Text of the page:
Fantasia and Fantasia 2000 are newly available in a 4-disc Blu-ray/DVD edition. A 2-disc DVD edition is also available.
Seventy years ago, Walt Disney released Fantasia, an ambitious animated project that represented an even more ambitious idea. Rather than a static motion picture, Fantasia was originally conceived as a repertoire, a selection of presentations that over time could be augmented by new pieces while old ones were retired, like an orchestra rotating its concert lineup. It was a high-minded extension of Disney’s “Silly Symphonies” shorts, and in those heady days, only a few years after the great triumph of Snow White and the Seven Dwarfs, anything seemed possible.
Alas, Fantasia was a picture ahead of its time—and, when the times finally caught up with it, the moment had passed. Fantasia was not a hit in 1940, although it acquired new cache in the 1950s as an educational film and in the 1960s as a psychedelic experience. Today it is justly reckoned among Disney’s great early masterpieces, along with Snow White, Pinocchio and Bambi. In 1995 it was honored by inclusion among the 45 films of the Vatican film list, in the 15 films of the “Art” category.
Ten years ago, amid the wreckage at the end of the 1990s Disney Renaissance, the Disney studio marked Fantasia‘s 60th anniversary with Fantasia 2000, a film intended to honor in a way the original repertory conception of Fantasia. It retains one piece from the original, “The Sorcerer’s Apprentice; the other pieces are all new, with various resonances with pieces in the original film.
Although Fantasia 2000 isn’t entirely without interest, the juxtaposition of the two films serves largely to underscore the now-untouchable achievement of the original. Fantasia is one triumph after another, from the abstract colors and shapes of “Toccata and Fugue” to the demons of “Bald Mountain” succumbing to the light of the “Ave Maria.” Only two sequences from the newer film come close to touching anything in the original: Respighi’s “Pines of Rome,” with its flying humpback whales, and Stravinsky’s “Firebird Suite,” a mythic depiction of death and rebirth in the natural world on the slopes of a volcano.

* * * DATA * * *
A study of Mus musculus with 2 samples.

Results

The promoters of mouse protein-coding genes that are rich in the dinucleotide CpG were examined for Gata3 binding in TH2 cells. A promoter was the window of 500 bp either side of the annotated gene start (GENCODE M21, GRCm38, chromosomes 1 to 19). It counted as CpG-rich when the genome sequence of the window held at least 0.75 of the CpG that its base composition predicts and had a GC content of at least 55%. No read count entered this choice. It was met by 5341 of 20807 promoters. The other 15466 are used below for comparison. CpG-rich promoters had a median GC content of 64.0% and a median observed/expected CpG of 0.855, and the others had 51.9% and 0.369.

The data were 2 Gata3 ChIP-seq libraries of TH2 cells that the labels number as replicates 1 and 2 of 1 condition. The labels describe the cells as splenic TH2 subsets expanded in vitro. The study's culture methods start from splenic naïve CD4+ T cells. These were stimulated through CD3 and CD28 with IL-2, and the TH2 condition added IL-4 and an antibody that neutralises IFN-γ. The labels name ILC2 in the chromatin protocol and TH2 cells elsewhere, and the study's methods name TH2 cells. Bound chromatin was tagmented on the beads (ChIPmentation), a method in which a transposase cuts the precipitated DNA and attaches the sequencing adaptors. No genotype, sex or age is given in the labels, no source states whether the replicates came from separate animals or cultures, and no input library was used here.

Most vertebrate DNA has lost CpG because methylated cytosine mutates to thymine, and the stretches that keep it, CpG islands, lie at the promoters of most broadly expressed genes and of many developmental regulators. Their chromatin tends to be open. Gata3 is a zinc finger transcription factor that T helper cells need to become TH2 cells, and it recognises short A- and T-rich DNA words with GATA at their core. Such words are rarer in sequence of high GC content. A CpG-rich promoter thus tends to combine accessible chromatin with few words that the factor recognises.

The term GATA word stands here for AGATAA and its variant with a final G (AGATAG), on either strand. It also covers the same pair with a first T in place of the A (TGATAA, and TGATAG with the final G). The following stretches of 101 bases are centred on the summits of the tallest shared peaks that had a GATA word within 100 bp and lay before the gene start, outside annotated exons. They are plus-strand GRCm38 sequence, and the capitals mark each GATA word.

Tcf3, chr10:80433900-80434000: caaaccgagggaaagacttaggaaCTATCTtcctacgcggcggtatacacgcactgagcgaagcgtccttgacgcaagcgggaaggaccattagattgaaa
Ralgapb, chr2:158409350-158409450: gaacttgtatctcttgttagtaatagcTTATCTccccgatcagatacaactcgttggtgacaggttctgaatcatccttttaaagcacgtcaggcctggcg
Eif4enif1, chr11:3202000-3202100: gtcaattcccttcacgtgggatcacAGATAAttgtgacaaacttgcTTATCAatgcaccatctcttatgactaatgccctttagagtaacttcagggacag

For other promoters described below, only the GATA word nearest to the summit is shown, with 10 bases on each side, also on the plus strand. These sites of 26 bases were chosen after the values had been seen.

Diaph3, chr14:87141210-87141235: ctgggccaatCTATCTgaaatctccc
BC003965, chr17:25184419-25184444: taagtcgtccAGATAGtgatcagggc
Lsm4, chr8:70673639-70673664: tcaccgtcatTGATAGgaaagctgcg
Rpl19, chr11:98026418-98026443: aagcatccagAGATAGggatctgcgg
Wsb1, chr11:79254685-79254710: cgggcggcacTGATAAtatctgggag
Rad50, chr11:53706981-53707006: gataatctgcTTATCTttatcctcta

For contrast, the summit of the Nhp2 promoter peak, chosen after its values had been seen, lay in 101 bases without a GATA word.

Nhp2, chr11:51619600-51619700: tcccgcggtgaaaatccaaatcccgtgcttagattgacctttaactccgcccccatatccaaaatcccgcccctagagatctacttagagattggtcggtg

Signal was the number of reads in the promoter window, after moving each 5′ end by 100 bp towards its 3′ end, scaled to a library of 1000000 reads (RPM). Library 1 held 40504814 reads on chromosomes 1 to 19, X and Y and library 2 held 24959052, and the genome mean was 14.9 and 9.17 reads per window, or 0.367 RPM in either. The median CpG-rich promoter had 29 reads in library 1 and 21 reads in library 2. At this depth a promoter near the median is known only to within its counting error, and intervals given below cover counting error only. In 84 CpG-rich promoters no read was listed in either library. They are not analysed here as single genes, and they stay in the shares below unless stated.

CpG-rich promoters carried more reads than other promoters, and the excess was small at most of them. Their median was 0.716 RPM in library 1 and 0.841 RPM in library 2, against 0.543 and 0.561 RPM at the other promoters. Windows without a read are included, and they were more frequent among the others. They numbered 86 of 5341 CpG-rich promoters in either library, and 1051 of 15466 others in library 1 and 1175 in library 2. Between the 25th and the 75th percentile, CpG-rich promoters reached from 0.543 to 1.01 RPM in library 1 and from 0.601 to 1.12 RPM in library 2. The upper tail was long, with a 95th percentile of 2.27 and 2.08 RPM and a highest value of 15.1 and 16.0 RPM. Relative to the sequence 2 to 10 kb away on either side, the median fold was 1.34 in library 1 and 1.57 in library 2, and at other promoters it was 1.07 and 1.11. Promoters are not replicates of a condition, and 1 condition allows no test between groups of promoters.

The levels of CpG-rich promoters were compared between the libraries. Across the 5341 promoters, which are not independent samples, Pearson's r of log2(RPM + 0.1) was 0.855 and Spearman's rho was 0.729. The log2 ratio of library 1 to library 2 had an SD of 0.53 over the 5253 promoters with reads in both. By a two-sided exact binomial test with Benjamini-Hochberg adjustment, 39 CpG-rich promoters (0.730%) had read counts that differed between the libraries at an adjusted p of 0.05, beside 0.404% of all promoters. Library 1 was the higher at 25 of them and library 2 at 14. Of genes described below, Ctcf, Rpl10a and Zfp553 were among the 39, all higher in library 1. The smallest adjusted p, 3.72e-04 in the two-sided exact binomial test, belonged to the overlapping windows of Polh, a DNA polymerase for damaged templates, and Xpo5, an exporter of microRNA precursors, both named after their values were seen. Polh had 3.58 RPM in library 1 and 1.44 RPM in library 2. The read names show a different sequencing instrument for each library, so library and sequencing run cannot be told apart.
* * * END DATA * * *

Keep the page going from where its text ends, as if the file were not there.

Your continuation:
Why do the other sequences in Fantasia 2000 fall short? Partly it’s a more limited scope of imagination. With Fantasia, the canvas is always epic and spectacular in scale, with larger-than-life wonders everywhere you turn; it’s like the Sistine Chapel of Disney animation. Fantasia 2000, by contrast, often lapses into more pedestrian thinking. Literally pedestrian in the case of “Rhapsody in Blue,” with its whimsical New York stories.
Not that pedestrian is necessarily bad. “Rhapsody”‘s simplistic line animation, inspired by caricaturist Al Hirschfeld, is reminiscent of a 1960s Disney short, which isn’t a bad thing. It just doesn’t feel like something that belongs in Fantasia, any more than a Hirschfeld line drawing belongs in the Sistine Chapel.
More dismally, the yo-yoing flamingos from Saint-Saën’s “Carnival of the Animals” come off like colorful but not-ready-for-prime-time players cut from the original’s “Dance of the Hours.” (Indeed, the live-action intro unwisely makes this connection by showing hippo sketches from “Dance of the Hours.”) This is perhaps the film’s lowest point, mitigated only by its brevity.
Then there’s the pairing of Shostakovich’s “Piano Concerto No. 2” with Hans Christian Anderson’s “The Steadfast Tin Soldier”—a toy story that feels like an imitation Pixar short, intimate and small-scale rather than grandly spectacular. (The original’s “Nutcracker Suite,” with its fairies, fish and flowers, was also on a miniature scale physically, but thematically and culturally sweeping, tracking the cycle of seasons and staging the Chinese, Arabian and Cossack dances.)